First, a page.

As you drive up into Los Altos Hills on Moody Road, the landscape grows a little more rural by the mile.
In these foothills of the Santa Cruz Mountains, the elevation rises from approximately 180 feet above sea level near downtown Los Altos to 750 feet in just 4 miles.
Pass Murietta Lane, evoking the memory of the legendary California bandit, then pass Old Snakey Road - no question what that name evokes - and you’ll come to Sherlock Court and then Sherlock Road, both named for a founding family of Los Altos Hills.
Joan Sherlock is the lucky woman who lives at the top of the road that bears her name. She was raised here, and here she is surrounded by family history in a place she and her loved ones have lived through many things.
"This is a part of our existence," she said as she looked out on the surrounding hills.
An investment with a view
The house was just a one-bedroom summer cottage in unincorporated Santa Clara County when her parents, newlyweds Thomas and Trudy Sherlock, purchased the 2-acre property in 1948. There was a dirt road to their front door and no water service or electricity. Thomas, who had served as an officer with the U.S. Army Corps of Engineers in World War II, was used to roughing it. Trudy thought the view was worth the inconvenience. The price seemed as steep as their driveway. They hoped as they improved the home that their investment would pay off.
The price? The Sherlocks inked the deal for $5,500.
After two children came along - first son Tom and then Joan - Trudy found a job as a social worker with Santa Clara County, and the two incomes made the mortgage payments easier to manage. Joan’s father had his own business as a landscape architect and put his skills to work remodeling the place they called home.
When Los Altos Hills incorporated in 1956, the town council appointed Thomas Sherlock to its first Planning Commission. In the 9 square miles that made up Los Altos Hills, there were just 2,500 residents. The winding lane that ended at the Sherlock house, along which a half-dozen families now lived, was called Heimendinger Road.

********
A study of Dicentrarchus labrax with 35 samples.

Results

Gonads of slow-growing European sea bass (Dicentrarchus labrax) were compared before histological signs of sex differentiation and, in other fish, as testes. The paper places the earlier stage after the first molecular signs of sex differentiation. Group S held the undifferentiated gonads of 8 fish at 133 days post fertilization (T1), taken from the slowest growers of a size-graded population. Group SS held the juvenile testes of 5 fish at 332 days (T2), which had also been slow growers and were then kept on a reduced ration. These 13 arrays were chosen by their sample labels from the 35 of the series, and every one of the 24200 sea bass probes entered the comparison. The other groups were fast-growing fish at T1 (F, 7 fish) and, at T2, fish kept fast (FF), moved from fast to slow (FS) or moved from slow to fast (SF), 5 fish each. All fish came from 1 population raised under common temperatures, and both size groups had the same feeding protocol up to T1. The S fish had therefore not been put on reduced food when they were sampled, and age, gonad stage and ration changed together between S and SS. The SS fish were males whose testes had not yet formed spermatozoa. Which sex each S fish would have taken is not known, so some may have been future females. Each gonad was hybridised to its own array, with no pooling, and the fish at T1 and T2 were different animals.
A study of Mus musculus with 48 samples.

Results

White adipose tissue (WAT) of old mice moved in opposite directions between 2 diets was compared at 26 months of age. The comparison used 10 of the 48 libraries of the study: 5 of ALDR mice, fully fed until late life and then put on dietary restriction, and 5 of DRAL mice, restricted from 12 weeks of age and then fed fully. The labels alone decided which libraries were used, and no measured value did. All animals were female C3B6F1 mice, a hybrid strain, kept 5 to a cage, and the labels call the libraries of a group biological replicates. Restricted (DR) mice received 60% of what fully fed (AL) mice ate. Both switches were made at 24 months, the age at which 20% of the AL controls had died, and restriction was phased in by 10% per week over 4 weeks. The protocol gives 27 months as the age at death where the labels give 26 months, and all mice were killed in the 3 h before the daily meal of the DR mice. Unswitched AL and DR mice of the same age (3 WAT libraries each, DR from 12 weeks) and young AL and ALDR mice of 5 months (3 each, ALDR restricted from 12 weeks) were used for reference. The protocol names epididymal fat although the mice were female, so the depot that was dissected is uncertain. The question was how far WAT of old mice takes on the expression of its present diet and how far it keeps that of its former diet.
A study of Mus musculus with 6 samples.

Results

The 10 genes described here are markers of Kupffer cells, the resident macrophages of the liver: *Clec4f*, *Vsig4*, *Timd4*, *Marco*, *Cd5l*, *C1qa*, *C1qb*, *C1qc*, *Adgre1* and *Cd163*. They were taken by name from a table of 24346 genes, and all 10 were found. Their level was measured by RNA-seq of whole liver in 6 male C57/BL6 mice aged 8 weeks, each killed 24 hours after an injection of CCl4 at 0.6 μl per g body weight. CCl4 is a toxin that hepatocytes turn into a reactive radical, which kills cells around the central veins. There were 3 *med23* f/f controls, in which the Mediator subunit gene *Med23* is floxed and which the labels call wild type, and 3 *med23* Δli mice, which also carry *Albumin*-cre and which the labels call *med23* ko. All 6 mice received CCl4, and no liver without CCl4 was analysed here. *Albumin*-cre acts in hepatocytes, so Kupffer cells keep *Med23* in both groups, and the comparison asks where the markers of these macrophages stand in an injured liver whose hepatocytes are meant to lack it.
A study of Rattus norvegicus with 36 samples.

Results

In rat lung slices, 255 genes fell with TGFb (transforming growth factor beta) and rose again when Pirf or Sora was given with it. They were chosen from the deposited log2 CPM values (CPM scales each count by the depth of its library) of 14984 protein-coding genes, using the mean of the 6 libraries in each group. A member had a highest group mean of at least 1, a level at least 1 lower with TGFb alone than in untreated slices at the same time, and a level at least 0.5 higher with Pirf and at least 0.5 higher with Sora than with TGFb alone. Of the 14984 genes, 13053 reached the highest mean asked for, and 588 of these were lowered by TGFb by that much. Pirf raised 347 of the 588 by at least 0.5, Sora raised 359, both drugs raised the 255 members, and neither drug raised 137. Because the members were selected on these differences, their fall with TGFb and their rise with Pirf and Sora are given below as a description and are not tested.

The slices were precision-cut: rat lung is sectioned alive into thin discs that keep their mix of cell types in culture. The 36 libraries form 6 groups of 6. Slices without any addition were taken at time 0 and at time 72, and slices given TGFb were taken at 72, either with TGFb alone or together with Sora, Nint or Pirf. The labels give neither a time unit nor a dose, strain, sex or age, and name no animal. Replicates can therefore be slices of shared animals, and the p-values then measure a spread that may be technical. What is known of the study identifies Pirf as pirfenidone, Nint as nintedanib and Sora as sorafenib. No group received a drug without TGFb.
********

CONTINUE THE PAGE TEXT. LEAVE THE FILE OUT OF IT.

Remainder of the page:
"Named after the guy who owned the bulldozer," Joan laughed.
Joan recalled the bucolic days of her youth.
"We really lived up here like country kids," she said. "After school, my brother and I disappeared into the canyons with the other kids from the hills around us. Nobody worried about us. Mom rang a bell for dinner and we listened for the sound and then raced home."
Life up there was not for everyone. There were rattlesnakes, power outages (once electricity was installed) and mudslides. After a garbage truck flipped over on a bad curve, neighbors were told to leave their cans on Moody - for the safety of the drivers.
Rebuilding after challenges
The family’s life changed forever when Thomas Sherlock, just 50 years old, died of a heart attack in 1963. He had been serving as deputy mayor, and the council officially named Sherlock Road in his honor. Trudy, now a single mother, kept her job and held the family and home together.
But by 1991, the kids were grown and Trudy was ready to downsize. Joan offered to buy the house and, with a new job in marketing in Silicon Valley, moved back to her childhood home with daughters Jacqueline, Anika and Tavia.
"I wanted them to have this sense of place," Joan said.
Their lives were badly shaken in November 1995 when a fire broke out at the house at 2:30 a.m. Joan got the girls to safety and then - in those days before cellphones - roused the neighbors to call the fire department. Her car survived, and firefighters found her keys in the ashes of the kitchen. But just about everything else was lost. Investigators think the fire began in the home’s ancient wiring.
They rebuilt. The walls were new, but the memories remained.
Today, the house is stunning, blending the colors of the hillside with a Craftsman style. The fire played its part in transforming the old cottage into a five-bedroom beauty. Its 21st-century kitchen looks out on the same view the Sherlocks have known all of their lives.
"When my brother and I were kids, this whole area was our backyard," Joan reminisced. "In spite of everything, we have been so lucky. Our parents came here and gave us such an idyllic childhood. And now we are here, too. I feel they have left us a legacy of paradise."
Robin Chapman is a journalist and the author of "California Apricots: The Lost Orchards of Silicon Valley" (History Press, 2013).